Starring: Constance Towers, Anthony Eisley, Michael Dante
Director: Samuel Fuller
Distributor: Umbrella Entertainment
If the intent of pulp is to shock then The Naked Kiss achieves its goal within seconds. A brunette wearing only a bra and skirt beats a man senseless with her stiletto. During the tussle he grabs her hair and it all falls off in one piece revealing a shaven head. On and on she goes, pounding him into submission before grabbing his wallet and helping herself to what is owed her. The titles roll over her face as she stares down the barrel of the camera as if into a mirror. With great determination she repositions her wig and fixes her make up. This is Kelly (Constance Towers), a woman you mess with at your peril.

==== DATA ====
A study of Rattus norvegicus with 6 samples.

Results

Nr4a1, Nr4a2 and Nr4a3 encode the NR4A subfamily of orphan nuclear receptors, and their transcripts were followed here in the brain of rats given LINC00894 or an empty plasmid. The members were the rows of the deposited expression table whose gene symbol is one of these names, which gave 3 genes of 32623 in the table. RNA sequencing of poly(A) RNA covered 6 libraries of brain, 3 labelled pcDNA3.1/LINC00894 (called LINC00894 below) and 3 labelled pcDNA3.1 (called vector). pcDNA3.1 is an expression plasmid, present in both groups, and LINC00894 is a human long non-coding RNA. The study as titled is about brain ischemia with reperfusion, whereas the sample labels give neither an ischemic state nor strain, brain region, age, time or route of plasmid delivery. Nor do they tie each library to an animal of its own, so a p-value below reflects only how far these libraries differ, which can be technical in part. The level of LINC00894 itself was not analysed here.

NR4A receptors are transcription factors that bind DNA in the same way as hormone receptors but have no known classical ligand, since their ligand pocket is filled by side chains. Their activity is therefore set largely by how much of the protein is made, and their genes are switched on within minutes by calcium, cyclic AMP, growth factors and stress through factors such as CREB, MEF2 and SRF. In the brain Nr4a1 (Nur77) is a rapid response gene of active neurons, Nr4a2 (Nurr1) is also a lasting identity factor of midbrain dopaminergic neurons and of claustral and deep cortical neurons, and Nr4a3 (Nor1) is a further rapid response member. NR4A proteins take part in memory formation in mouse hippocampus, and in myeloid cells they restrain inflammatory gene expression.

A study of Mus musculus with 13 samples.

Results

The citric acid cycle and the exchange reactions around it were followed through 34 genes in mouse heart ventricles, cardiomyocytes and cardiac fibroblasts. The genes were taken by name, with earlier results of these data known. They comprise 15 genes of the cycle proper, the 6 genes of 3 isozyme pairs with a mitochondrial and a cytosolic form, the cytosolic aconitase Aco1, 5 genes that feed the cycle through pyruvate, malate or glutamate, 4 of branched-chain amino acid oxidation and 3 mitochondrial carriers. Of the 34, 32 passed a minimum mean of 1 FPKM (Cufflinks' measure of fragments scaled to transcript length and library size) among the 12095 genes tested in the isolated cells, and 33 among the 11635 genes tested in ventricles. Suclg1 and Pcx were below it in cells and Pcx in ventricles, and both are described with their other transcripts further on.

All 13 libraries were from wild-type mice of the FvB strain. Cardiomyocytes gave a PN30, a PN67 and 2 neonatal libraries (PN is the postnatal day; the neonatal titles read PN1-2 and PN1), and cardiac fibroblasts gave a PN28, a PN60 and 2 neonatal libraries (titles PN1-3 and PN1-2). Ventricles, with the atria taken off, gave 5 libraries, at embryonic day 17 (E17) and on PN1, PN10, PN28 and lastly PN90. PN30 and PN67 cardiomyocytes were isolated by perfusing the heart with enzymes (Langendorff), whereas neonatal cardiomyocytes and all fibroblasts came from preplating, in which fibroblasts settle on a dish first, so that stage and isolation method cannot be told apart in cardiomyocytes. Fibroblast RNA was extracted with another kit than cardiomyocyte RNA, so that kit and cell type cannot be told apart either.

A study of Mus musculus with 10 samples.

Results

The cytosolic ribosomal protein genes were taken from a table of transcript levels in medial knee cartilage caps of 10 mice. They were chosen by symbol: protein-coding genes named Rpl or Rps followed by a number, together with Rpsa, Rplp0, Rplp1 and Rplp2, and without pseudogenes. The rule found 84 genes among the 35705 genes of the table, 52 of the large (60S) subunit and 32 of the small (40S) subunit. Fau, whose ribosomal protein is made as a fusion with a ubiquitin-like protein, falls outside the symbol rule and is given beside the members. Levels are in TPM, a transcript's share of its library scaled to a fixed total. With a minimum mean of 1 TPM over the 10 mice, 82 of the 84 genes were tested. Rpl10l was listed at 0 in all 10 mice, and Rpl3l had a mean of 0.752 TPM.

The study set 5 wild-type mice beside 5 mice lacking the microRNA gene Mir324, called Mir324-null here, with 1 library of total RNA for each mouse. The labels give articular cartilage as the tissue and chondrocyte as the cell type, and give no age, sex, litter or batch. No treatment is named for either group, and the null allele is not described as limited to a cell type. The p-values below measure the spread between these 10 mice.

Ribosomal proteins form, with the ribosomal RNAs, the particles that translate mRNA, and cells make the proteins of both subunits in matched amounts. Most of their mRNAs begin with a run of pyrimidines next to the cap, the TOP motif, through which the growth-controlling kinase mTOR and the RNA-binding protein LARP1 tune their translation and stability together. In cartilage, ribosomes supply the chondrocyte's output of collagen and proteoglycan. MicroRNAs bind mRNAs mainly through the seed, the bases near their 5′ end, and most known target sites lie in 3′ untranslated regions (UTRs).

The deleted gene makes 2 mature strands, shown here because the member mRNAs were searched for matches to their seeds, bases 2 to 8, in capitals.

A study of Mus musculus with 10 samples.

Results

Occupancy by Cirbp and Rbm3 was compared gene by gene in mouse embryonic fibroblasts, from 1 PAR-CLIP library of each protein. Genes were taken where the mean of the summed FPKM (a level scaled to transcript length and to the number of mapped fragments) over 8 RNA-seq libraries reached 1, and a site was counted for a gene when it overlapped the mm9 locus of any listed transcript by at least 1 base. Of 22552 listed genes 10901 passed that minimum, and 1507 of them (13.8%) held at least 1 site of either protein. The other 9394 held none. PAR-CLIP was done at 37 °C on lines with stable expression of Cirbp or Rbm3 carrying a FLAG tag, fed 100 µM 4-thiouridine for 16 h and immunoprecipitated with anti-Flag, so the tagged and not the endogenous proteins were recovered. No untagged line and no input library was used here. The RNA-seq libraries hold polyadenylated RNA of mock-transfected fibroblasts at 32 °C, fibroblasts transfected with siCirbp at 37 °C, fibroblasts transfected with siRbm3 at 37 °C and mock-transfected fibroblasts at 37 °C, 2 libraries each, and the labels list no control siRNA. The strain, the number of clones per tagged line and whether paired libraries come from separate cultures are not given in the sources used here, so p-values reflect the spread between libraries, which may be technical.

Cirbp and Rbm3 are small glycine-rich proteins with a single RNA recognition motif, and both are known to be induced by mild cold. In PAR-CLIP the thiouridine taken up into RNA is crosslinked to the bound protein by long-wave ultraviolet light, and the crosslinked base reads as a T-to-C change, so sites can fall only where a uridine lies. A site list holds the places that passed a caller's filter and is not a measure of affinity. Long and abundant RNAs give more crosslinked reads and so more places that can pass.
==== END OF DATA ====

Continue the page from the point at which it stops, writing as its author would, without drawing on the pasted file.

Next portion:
Two years later we meet Kelly in small town America selling Angel Foam champagne. Her hair has grown back – she’s now a sexy blonde – and local cop Griff (Anthony Eisley) is lured into her web for a quickie. But no sooner has he shut the door behind him than Kelly decides her days of prostitution are over. A brave new world awaits her as a nurse to handicapped children, and as the wife of the town’s philanthropist J. L. Grant (Michael Dante). Little does she know when she embarks on this new improved career that her fiancé has a creepy predilection for little girls.
It’s pure, unadulterated pulp written, directed and produced by Samuel Fuller, a man held in high esteem by the likes of Quentin Tarantino and Martin Scorcese. It’s also a fascinating example of feminist noir. Kelly may have come from the wrong side of the tracks but she’s giving the straight and narrow a go and striking out against anyone who treats other women or children badly. And in ’60s America, it seems, that’s an awful lot of people.